Residents of the west bank of St. Charles Parish can take solace in the fact that there is still some acreage left between its southernmost subdivisions and the Gulf of Mexico. But this stretch of deteriorating wetlands is all that stands between their inundation when a hurricane comes.
If a category 3 to 5 hurricane hits in the right spot, it could turn the area into another St. Bernard Parish. That has made Parish President Albert Laque very concerned about the lack of attention to our potential predicament by the powers that be in the federal government.
Present timetable calls for two or more years before a levee is in place that would protect the west bank against a category three hurricane. And, right now, most of that would be paid for by local taxation.
Yet the U. S. Army Corps of Engineeers has stymied local efforts to build it. Many years ago, it turned down a parish effort to build a straight-line levee on donated land that could have been completed by now. Objection was that it embraced some wetlands even though most wetlands in Louisiana need some protection themselves in order to survive from becoming open waters.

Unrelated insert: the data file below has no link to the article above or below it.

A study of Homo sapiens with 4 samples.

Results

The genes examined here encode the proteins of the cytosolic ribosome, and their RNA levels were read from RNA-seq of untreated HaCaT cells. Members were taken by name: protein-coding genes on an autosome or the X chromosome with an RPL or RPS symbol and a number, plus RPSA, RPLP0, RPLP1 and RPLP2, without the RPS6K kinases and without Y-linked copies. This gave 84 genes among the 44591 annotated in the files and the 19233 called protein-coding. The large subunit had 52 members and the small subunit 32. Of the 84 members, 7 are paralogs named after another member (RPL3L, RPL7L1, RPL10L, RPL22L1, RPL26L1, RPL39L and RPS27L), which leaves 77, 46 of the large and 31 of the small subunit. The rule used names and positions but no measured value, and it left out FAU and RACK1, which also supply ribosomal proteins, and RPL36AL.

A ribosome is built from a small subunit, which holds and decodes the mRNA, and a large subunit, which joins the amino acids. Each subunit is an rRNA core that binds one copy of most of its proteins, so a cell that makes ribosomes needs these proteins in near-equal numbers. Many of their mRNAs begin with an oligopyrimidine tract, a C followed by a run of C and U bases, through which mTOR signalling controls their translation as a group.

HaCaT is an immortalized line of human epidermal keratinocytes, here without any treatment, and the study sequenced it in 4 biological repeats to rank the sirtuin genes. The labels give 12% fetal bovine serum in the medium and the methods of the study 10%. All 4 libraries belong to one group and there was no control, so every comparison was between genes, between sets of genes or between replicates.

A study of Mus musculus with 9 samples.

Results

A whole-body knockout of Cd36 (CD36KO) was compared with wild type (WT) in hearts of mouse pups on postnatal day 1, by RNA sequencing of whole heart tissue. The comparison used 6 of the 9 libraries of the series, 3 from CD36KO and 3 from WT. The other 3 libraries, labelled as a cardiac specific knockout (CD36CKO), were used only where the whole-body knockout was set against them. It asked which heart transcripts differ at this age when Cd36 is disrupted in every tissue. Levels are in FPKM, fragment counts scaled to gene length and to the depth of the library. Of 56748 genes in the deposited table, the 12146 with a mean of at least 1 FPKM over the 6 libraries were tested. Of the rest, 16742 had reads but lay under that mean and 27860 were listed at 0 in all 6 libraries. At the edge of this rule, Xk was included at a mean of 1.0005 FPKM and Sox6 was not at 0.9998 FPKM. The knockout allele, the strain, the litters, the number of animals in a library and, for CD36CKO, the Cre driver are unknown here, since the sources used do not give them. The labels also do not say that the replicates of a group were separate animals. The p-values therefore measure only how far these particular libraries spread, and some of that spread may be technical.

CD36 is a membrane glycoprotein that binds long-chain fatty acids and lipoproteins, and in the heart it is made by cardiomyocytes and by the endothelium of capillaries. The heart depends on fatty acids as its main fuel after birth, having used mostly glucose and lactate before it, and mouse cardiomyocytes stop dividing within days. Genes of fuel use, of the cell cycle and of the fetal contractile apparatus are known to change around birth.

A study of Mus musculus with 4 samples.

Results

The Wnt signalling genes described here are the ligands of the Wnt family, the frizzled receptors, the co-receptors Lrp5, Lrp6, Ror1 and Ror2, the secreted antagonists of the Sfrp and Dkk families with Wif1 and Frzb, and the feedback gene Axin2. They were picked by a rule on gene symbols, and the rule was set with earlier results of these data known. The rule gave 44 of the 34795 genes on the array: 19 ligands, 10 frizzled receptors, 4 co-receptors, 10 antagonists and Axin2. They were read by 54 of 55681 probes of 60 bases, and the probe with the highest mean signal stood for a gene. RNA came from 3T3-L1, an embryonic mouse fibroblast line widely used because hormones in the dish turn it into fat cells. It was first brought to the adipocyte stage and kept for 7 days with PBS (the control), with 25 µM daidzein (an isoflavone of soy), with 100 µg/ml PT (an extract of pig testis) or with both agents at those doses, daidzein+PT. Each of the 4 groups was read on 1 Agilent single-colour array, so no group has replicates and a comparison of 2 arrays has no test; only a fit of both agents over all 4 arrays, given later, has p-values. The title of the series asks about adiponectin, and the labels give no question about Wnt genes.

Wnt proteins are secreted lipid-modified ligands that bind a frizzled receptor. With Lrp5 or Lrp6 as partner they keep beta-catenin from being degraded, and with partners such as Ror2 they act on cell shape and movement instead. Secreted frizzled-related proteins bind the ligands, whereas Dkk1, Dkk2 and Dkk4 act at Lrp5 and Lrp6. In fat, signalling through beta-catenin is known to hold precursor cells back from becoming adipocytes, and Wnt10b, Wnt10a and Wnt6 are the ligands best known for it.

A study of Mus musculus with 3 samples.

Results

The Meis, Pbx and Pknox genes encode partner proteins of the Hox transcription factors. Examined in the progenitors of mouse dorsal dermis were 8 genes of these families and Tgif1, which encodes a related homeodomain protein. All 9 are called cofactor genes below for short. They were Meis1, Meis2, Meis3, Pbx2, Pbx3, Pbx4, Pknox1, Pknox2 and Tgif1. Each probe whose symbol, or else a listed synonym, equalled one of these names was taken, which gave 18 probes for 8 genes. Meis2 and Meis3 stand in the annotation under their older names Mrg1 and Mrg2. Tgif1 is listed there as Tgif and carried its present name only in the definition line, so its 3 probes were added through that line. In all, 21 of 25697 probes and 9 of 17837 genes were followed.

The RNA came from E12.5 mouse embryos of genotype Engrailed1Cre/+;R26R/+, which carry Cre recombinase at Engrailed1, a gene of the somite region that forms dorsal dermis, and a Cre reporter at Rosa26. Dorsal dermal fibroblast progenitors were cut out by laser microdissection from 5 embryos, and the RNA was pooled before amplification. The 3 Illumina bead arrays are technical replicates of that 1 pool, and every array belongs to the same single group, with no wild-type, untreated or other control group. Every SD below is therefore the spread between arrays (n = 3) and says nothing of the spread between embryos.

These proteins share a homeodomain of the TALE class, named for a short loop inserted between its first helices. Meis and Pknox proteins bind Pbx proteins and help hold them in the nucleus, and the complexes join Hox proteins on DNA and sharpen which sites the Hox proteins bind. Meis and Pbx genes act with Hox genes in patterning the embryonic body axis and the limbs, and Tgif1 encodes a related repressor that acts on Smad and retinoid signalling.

Where would the wetlands of the Barataria Basin be today if we did not have levees along the coast at Grand Isle and Grand Terre? In fact, leveeing our entire coast would be the greatest safeguard our wetlands could have.
But, at this point, the quickest way to get a levee in place is to put it where the Corps wants it, which is right up against the subdivisions. And hopefully we will not have to withstand the ferociousness of a category 3 to 5 hurricane before that time arrives.